October 16, 2022 Twenty-ninth Sunday in Ordinary Time

Welcome Father Martin Today’s Readings: Ex 17:8-13 | 2 Tm 3:14-4:2 | Lk 18:1-8

In today’s Gospel, we have a parable about a judge and a poor widow who is seeking justice. The point of the parable is to teach an important lesson about the necessity of perseverance in prayer. Luke in the Gospel tells us not to be discouraged if we do not receive an immediate response to the prayer we make. In Palestine, every town or large village had a man appointed by the central authority in Jerusalem whose duty it was to settle all local disputes brought to him. This particular judge is called an unjust person, a totally corrupt individual, who cared for no one, neither God nor man. The widow, on the other hand, a helpless person, representing the anawim, the poor of Yahweh, and was looking for justice regarding her own property. She has only God as her protector and caretaker.

Now Jesus says that if a corrupt, egoistic judge can be eventually moved by the perseverance of a helpless widow, how much more so the all just all-merciful God will be moved to help his chosen friends who approach him in sincerity and filial love. Jesus goes further to explain himself about such a benevolent God who is like a good Father. He uses the example of the love of a parent towards his child. He asks them whether any parent among them would give a child a stone when he asked for bread. Or will he give a scorpion when he asks for an egg? Would he give a snake when a child asks for a fish? Naturally, their answer would be no, they would not do anything bad for their child. If even worldly parents will give their children what they need and not give anything dangerous says Jesus, how much more the loving God in heaven will see to the needs of his children.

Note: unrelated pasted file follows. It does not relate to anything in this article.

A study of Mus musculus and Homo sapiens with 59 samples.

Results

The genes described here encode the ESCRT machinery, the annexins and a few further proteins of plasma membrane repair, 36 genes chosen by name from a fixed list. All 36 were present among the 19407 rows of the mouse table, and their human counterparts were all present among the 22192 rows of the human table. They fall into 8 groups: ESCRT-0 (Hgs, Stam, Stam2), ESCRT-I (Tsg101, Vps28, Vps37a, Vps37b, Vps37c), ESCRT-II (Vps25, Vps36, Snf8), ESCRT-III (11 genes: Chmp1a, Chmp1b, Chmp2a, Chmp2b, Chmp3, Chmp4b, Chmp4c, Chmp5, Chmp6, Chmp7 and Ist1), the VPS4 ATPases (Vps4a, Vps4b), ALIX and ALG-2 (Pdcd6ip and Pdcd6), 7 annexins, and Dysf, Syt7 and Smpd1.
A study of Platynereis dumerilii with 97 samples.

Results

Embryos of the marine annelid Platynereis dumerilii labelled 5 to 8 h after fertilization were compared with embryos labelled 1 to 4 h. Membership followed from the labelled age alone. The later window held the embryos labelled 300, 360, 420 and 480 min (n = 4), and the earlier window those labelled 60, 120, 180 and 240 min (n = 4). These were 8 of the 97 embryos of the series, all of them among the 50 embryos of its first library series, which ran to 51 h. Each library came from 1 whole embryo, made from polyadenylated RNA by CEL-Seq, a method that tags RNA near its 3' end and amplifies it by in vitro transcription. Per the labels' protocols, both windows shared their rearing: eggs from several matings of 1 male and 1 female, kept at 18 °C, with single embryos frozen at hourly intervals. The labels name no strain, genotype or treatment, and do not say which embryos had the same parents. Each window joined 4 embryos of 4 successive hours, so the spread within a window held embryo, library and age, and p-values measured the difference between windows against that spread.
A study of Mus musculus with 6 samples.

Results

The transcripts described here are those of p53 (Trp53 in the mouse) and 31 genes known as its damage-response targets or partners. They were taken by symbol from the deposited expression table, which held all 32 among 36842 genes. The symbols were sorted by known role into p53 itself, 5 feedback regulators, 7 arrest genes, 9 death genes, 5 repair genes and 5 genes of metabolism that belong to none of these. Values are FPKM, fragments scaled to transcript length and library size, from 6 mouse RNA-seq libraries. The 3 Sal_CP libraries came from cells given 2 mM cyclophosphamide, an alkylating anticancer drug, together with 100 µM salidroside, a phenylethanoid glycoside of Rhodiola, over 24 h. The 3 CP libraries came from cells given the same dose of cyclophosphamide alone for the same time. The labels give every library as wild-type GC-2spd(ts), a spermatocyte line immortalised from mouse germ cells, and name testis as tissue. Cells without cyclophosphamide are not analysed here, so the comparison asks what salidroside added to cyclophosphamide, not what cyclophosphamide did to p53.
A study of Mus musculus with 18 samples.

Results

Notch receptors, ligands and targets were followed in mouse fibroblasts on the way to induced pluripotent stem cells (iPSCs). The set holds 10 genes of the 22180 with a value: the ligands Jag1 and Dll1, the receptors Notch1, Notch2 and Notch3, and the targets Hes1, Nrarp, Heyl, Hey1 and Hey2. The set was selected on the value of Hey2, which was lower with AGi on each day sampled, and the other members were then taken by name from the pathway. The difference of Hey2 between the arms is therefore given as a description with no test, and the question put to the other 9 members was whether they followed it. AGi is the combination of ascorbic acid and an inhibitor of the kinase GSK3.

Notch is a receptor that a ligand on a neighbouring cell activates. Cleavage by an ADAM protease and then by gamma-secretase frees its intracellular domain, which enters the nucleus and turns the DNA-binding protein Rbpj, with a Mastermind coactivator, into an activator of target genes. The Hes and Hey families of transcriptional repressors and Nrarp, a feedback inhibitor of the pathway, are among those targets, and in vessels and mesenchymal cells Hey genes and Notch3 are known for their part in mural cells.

The two characters in the parable, an unjust judge and a widow, set up an immediate contrast. While a just judge was not considered to be divine, a judge was expected to be just and caring and manifest the same values and practices associated with the Lord. The widow is portrayed as being in a plight of having to fight in court for what was justly hers but was denied her because of her vulnerability. We are led to expect that the unjust judge will support the widow’s oppressors and rule against her. Thus in this parable of today, Jesus teaches us to persevere in our prayer and not to lose heart if the request is not granted immediately. In his teachings, Paul repeated these instructions of Jesus. He preached to the Thessalonians to pray without ceasing, to pray always and to be at the service of the Lord, and to be ardent in spirit.

What Jesus teaches his disciples is that our perseverance in the prayer of petition develops our trust and confidence in God. It helps us to become humble and to realize how weak we are when left to ourselves. It keeps us close to God, as we learn how dependent we are on his generosity. If we only would realize that God is perhaps never closer to us than when we think he is forgetting us or that he has abandoned us.

The Gospel tells us that if only we persevere in our asking God for anything, he will respond to us. He gives us the message to pray always without growing weary. Secondly, we must have faith that God is with us, even when we do not immediately see the results of our prayers. Thirdly he wants us always to be concerned with justice for the rich and the poor for God cares for us equally. Surely it means asking for those things which will bring us closer to God, those things that help us to know, love, and serve him better. The prayer of asking is at the heart of this passage. When Thomas Aquinas takes up the question of prayer, it is a study of the prayer of asking because, in a sense, it contains all our dependence on God and our faith. It is our sense of being loved that empowers us to turn to God and ask for ourselves and the need of others.

Source: Fr. Eugene Lobo S.J.Shimoga, India, shortened from https://msjnov.wordpress.com/2022/10/11/twenty-ninth-sunday-october-16-2022/ Image: John Everett Millais - Parable of the Unjust Judge


  • 16 October - Confessions will take place after Mass this Sunday.